Games | MIKE DOWNEY

Lewis' Career in 100 Hits the Finish Line

June 16, 1996|MIKE DOWNEY

ATLANTA — Carl Lewis just became America's eighth-fastest human. Lewis ran dead last in an eight-man race Saturday night, so therefore won't be running the 100 meters at the Atlanta Olympics, a serious cramp in his plans to add a gold medal to the eight he already has.

Still entered in the 200 meters and the long jump as the U.S. Olympic track and field trials continue here, a ninth gold does remain a goal for Lewis, who took his defeat in stride by saying, "I can sit here and mope about it, or I can try to make this team and be an Olympian.

"If people feel like, 'Oh, poor Carl,' that's wasted energy. You should celebrate that I was here and I ran in the final."

This athlete who has won more Olympic medals than any other American will win no more in the Games' glamour event. Two weeks shy of his 35th birthday, Lewis was outrun for a place on the U.S. squad by a trio of younger men who celebrated what one of them, Jon Drummond, called "a definite changing of the guard."

Lewis' time was 10.21 seconds, a far cry from the 9.92 that he clocked eight years ago at the Seoul Olympics. A cramp in his right calf pained Lewis while he was qualifying in Saturday's semifinal heat, then reappeared in the final, he said, as soon as took his first step.

By finishing last, Lewis also effectively eliminated any chance of his rejoining the U.S. 400-meter relay team, which he has twice anchored to Olympic gold medals. Some latitude was possible had Lewis placed fourth, or even sixth, but rewarding an eighth-place runner would be a slap in the face of other top U.S. sprinters.

World-record holder Leroy Burrell, who did finish sixth, was in no mood to be asked if this seemed the end of Lewis' remarkable career on the track. Burrell snapped, "I'm not an expert on the end of anybody's career. Are you? What about when you're at the end of your career, you want me to come ask you that?"

Lewis didn't mind being asked.

"Think? Do I think it's over? I think definitely. I'm not running any more hundreds.

"Who knows about relays or jumps? I have some thinking to do on that. I'm a realist. When I started cramping, I knew it wasn't there. People can relate to what I'm trying to do.

"There are 100 good things about today and one bad thing. The good thing is that I am in good shape, good condition. But today my body just didn't give me the opportunity to perform."

The prestige event of many a Games, the 100 is a race that Lewis won at the Soviet-boycotted Los Angeles Olympics of 1984 and again after Ben Johnson's disqualification at the Seoul Olympics four years later, when the winning time of 9.79 was wiped off the books and Lewis' second-place time of 9.92 promoted him to the victor's stand.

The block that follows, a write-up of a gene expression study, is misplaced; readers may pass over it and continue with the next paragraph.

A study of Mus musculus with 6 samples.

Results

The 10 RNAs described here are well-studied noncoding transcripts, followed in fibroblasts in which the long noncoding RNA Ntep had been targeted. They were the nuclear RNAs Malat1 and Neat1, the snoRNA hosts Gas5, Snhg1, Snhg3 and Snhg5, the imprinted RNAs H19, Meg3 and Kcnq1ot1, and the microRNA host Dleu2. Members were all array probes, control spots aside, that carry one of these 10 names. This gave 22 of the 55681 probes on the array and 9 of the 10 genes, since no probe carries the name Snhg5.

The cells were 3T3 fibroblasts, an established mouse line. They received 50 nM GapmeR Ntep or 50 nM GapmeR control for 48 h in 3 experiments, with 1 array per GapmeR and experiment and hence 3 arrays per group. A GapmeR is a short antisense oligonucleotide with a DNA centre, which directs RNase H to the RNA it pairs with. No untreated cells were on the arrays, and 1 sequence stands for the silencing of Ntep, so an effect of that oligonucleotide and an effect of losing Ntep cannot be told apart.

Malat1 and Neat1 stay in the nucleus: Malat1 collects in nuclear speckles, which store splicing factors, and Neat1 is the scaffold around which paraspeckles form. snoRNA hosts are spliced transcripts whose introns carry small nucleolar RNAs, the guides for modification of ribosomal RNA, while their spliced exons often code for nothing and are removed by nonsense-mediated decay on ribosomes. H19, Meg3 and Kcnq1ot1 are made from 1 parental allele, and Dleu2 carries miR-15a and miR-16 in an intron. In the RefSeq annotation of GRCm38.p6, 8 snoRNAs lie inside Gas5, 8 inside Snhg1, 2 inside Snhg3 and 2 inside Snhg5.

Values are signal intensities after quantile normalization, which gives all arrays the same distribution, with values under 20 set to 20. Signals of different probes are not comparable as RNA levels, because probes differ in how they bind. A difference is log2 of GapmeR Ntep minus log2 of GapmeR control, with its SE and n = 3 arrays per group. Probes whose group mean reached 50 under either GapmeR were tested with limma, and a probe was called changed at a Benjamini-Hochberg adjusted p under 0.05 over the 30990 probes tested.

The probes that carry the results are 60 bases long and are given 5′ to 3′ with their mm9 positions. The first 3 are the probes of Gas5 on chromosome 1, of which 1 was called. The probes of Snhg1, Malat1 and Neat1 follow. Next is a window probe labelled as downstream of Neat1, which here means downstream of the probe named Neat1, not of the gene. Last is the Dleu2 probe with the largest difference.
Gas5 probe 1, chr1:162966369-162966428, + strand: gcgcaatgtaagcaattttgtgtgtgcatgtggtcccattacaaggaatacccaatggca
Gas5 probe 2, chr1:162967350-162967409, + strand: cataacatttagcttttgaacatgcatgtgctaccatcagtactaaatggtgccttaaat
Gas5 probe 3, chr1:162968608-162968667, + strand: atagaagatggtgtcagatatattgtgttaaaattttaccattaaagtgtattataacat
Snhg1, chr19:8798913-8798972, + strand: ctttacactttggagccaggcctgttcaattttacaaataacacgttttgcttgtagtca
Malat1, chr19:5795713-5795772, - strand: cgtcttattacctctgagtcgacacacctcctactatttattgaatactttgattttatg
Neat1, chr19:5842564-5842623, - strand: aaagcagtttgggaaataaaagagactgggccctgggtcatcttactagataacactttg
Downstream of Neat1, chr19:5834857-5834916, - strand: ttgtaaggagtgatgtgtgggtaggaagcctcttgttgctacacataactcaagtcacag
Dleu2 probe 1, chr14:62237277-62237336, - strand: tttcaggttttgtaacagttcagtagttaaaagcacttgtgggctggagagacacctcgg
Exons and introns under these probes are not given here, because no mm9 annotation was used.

He was a vision in red leather when he first burst onto the world scene, back when his manager, Joe Douglas, nonchalantly mentioned before the L.A. Olympics that he believed Lewis to be destined for a career as successful as singer Michael Jackson's.

There were other such comparisons, Lewis with his soft voice and artistic swagger, recording music and becoming more of a sensation on other continents than he did on his own.

Saturday night, like Julio Cesar Chavez having lost his last prizefight or Stefan Edberg acknowledging that his stroke just wasn't what it used to be, Lewis went out defeated but with his head held as high as when he crossed a finish line.

Even taking time to seek out a magazine writer to whom he had promised an interview, win or lose, Lewis couldn't locate him, to which Douglas ruefully said: "I guess he doesn't need us anymore."

Lewis took pains to emphasize that his Olympic career could very well be alive and kicking, if he can place in the top three along with heavily favored Michael Johnson in the 200 meters, or if he can regain the form in the long jump that has already won him three gold medals.

"Disappointed? I have two more events to do. I don't have any time for disappointment," Lewis said.

"This one's over with, it's done, nothing can be done about it. Even if I'd run 8 seconds, it would be over. It would still be time to move on to the next events. I'm not going to beat myself to death over this.

"I feel great about everything. If I hadn't tried this, I would have never known the outcome. Now I just have to go out and long jump like crazy."

In a hallway of the Olympic Stadium on his way out the door, Lewis heard someone call out to him: "You're still the man, Carl."

"That's the spirit," Carl called back.